ANALYSIS OF OCTOBER 6, 2009 CAV OPINIONS
ANALYSIS OF OCTOBER 6, 2009 CAV OPINIONS
[Posted October 6, 2009] What, did you think I was falling down on the job, ignoring all the published opinions out of the Court of Appeals the last two weeks? No way; I wont abandon you. The court simply issued no published opinions the past two weeks, but we get two interesting ones today.
Rogers v. Commonwealth helps to define the affirmative act that supports a prosecution for an attempt to commit a crime. Attempt requires proof that the defendant formed an intent to commit the crime, and that he performed some direct act toward its consummation, but falling short of the accomplishment of the ultimate design.
Rogers and two confederates decided to rob a family in the familys apartment. Figuring that the family would have cash handy, the robbers came to the building and watched the family go inside. The robbers then placed black bandanas over their faces, and knocked on the door. The victim had seen some suspicious-looking characters those would be our suspects lurking around, so instead of simply opening the door, he looked through the peephole and saw what looked like a mask and a gun. He then, quite sensibly, refused to open the door, telling his wife to call the police.
The impasse lasted a very few moments before the robbers gave up and fled, but not without being seen by responding police officers. The gendarmes gave chase and eventually stopped the getaway car, where they found the three perpetrators in possession of two black bandanas, but no guns; the weapons turned up in a brief search of the route, where the robbers had tossed them out of the car.
Sounds like they got the right guys, right? Well, they did; one of the three turned states evidence and ratted out his colleagues, telling the whole story. The sole issue on appeal is whether the evidence supported the conviction for attempted robbery, when the robbers decided to abandon their enterprise. And that, in turn, depends on whether they had performed some direct act toward committing the crime, as described above.
The other criminal case presents a detailed analysis of a fairly straightforward question: Can the police search a passenger in a car that has been stopped for a tail light violation, when a police computer database showed that the passenger had been arrested a year earlier for illegally possessing a handgun? Todays opinion is Smith v. Commonwealth.
The facts really were almost that simple. Two off-duty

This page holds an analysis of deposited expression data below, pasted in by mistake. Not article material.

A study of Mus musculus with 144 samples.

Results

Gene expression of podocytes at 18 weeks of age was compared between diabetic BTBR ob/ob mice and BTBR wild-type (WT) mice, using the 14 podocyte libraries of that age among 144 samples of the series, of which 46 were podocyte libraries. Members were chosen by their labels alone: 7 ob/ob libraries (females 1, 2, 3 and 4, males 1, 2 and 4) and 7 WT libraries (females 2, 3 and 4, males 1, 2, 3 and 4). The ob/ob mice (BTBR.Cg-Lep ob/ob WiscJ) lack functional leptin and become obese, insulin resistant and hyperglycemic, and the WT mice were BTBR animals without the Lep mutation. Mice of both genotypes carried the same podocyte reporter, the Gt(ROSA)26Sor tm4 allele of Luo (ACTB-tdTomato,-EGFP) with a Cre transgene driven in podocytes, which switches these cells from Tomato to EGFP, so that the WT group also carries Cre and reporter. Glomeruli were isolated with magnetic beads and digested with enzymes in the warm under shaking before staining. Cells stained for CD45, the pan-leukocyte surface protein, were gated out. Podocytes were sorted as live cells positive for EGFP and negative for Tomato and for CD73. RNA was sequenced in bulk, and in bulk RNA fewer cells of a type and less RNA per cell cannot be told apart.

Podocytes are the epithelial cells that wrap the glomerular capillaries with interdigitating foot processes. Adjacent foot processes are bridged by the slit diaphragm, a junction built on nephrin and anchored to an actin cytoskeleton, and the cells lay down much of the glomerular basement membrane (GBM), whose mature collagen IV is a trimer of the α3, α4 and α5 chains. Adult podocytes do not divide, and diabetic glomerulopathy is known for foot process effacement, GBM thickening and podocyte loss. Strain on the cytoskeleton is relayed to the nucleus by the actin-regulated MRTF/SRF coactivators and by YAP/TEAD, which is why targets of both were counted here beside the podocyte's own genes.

The issue in this case is whether that much information is sufficient for a Terry stop-and-frisk. The trial court found that it was, but today, a unanimous panel of the CAV reverses that ruling. The opinion walks methodically through the analysis of this issue, focusing on the value of the police databases listing of the passenger as being probably armed. The court finds that a stale arrest (the database didnt list any disposition of the earlier charge; just the fact of arrest) doesnt serve as the basis for a reasonable suspicion that the suspect is armed a year later.
The court distinguishes caselaw that you might find persuasive, at first blush, on the good faith exception to the exclusionary rule. In one such case, this years US Supreme Court decision in Herring v. US, the high court had approved the use of evidence seized in violation of the Fourth Amendment because police officers relied upon incorrect information obtained from another county. The exclusionary rule serves to deter sloppy or deliberate police acts, and punishing one police department for the mistake of another department wouldnt serve that purpose. But in todays decision, the information was improperly entered into the data base by
This opinion is not going to sit well with police officers and those who care about their safety. Every officer wants to know as much as he can about potentially-armed suspects, and having a database like this one may save officers lives. Todays ruling will no doubt be seen as an erosion of an officers protection. In my view, that opinion would be hasty; officers can still protect themselves, but evidence thats seized as a result of protective pat-down searches can be excluded under circumstances like this.